Niels Koekoek

Feb 19, 2019

What Amazon Can't Do

eCommerce experts from leading UK brands gathered in London on February 13 for a breakfast session on the future of commerce hosted by Bloomreach and Wunderman Commerce. Inspired by the event theme 'What Amazon can't do' the attendees explored the opportunities for brands and retailers to differentiate themselves from the eCommerce giant that now owns 52% of the US and 35% of the UK's online sales1.

Amazon can't do everything

One of the key takeaways was that Amazon might have a big market share for everyday products but they don't do a very good job when it comes to creating a delightful shopping experience. Research by Wunderman Commerce surveryed over 3,500 online shoppers in the US and the UK and found that consumers actually prefer other vendors over Amazon in a lot of cases. Not only because they find cheaper pricing elsewhere but also because other vendors are offering more convenient delivery options, more attractive loyalty programs, more specialized product ranges or simply because they are looking for personalized service or in-store experiences.

This is especially the case when it comes to more 'niche' products where consumers have specific preferences regarding design, material, quality or brand. For this, shoppers tend not to buy on Amazon but go to a specialized vendor or a brand instead. To capitalize on that opportunity, brands and retailers need to be smart in leveraging modern technologies to be able to deliver an experience that really delights their customers.

Relevant search results

Take for instance the site search bar. If you go to Amazon and search for 'black laptop', they will present you with a rather random selection of laptops bags, laptop batteries and indeed some laptops. With a smart, self-learning search functionality, it's easy for brands and retailers to offer a better search experience that actually returns relevant search results and gives customers exactly what they are looking for. This becomes even more important as an increasing number of online shoppers are using mobile devices and it's known that mobile shoppers use site-search more often.

Personalized assortments

Another thing Amazon doesn't do well is curating the right content for the individual visitor, making  this is a great opportunity for others to differentiate. Even without a vistor logging in,  businesses can use browsing behavior, overall consumer trends and real time visitor data to personalize the experience in the moment. A visitor who is browsing the women's section and has been clicking on mostly blue items and then searches for "sweatshirt" will see blue women's sweatshirts bumped to the top of the results. Important to note is that this kind of smart personalization is dynamic, so let's say another family member is using the same computer to shop later on, the algorithm will soon discover a different browsing behavior and adapt the content accordingly.

Creating connected experiences

Where Amazon really falls short though is in offering contextual content. Sure, they offer an almost infinite product catalogue and a lot of user generated content in the form of reviews but when it comes to inspiring and educating their customers, they don't have much in store. How different is the shopping experience at a specialized retailer like REI that takes its visitors on a virtual journey to their next travel destination and inspires them to go places they haven't event thought of yet. Information about the products that would come in handy for such a trip almost feels like a side issue here because it's intertwined with rich content like videos and engaging blog posts. REI also connects their online experience to physical events like workshops and training sessions. It's these kind of engaging experiences that create loyal customers that will fall in love with your brand and come back for more.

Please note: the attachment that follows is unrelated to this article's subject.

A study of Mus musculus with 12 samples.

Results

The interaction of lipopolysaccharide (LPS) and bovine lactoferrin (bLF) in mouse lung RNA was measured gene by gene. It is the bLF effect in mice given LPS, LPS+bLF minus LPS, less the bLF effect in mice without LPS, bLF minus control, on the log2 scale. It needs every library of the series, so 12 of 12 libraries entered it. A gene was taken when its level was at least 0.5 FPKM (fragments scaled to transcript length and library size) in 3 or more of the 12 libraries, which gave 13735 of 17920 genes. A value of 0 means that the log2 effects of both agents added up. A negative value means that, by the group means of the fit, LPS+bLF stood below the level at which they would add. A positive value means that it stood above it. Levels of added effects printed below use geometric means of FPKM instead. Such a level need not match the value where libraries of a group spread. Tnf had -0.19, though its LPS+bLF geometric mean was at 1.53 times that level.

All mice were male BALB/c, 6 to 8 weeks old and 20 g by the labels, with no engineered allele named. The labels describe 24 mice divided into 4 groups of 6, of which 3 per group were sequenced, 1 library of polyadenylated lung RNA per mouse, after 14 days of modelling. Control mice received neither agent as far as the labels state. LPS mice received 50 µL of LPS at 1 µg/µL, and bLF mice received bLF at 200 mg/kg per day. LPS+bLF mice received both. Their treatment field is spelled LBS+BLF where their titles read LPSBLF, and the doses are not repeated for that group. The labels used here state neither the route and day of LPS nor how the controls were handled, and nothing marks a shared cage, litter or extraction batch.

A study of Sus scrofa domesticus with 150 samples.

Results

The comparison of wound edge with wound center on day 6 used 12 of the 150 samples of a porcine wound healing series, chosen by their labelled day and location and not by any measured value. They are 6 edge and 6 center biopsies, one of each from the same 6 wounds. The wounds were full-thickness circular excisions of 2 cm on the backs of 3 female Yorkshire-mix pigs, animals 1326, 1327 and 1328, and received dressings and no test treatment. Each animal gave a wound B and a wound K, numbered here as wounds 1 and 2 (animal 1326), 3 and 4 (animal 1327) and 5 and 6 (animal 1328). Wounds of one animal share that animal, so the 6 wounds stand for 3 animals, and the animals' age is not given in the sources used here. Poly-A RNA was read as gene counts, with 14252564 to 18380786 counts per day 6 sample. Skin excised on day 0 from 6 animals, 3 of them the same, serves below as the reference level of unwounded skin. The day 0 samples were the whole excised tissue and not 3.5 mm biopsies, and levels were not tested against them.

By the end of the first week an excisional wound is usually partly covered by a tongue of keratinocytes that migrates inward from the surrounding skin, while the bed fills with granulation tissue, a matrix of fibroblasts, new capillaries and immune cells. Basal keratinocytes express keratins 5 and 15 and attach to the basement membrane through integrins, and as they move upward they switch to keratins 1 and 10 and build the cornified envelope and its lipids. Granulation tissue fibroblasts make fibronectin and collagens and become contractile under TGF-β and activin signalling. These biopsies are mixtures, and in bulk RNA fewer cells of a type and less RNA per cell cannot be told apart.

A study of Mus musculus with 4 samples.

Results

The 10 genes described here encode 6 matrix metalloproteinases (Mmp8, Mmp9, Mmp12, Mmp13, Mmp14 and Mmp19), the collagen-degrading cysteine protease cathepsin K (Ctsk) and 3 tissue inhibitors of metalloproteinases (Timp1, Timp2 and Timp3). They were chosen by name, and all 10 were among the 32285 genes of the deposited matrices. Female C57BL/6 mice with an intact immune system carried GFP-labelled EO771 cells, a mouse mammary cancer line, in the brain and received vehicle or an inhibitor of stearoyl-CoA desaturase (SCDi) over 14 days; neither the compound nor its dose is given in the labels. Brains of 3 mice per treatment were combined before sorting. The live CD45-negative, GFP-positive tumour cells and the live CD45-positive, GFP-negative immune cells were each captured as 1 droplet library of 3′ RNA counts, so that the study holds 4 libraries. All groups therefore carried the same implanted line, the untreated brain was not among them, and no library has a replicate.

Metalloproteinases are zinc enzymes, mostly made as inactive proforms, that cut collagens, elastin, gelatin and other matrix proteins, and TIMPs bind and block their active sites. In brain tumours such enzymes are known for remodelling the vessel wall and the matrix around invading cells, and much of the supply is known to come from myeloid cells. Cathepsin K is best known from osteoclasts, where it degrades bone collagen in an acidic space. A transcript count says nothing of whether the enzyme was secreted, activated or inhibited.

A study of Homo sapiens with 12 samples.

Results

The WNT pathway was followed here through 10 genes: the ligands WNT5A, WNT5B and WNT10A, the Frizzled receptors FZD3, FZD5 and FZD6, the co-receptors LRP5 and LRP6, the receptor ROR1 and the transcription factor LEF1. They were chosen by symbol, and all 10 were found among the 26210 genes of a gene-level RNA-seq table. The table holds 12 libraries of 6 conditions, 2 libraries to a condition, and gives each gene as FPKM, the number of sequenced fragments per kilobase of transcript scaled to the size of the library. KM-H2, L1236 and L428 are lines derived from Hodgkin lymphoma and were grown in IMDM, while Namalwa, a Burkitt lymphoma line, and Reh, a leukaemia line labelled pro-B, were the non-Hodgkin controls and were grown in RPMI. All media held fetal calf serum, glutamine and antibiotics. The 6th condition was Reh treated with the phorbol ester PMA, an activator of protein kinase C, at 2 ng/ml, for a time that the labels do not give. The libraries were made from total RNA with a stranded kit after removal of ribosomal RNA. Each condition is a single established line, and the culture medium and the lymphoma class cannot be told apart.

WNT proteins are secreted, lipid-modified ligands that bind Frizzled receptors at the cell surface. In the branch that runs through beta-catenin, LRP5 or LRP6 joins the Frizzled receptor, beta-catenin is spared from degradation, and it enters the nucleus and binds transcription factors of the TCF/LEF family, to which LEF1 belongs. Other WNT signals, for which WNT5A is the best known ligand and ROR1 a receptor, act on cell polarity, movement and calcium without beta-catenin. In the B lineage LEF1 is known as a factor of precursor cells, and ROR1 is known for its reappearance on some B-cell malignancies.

The big hurdle that the majority of brands and retailers have to overcome are their legacy systems, in particular  legacy eCommerce platforms. These platforms were built specifically for creating product grids and facilitating checkout, not for creating engaging experiences. That's why the main takeaway of the event was the realization that the future core of eCommerce won't be a commerce platform. Business that really want to invest in customer experience are moving away from legacy commerce platforms and are implementing a combination of headless commerce with an experience platform on top. With this setup, they are able to power all kinds of omnichannel experiences - not only through channels that customers are using now, but also the ones they might want to use in the future, like voice or augmented reality.

Coming back to the main topic of the event, we can summarize that Amazon can't deliver the engaging, connected experiences that delight customers and turn them into loyal fans. Brands and retailers that leverage modern technologies to do exactly this will be able to capitalize on Amazon's shortcomings and withstand the power of the beast.

1. The Future Shopper 2018 And Beyond. Wunderman Commerce. 2018.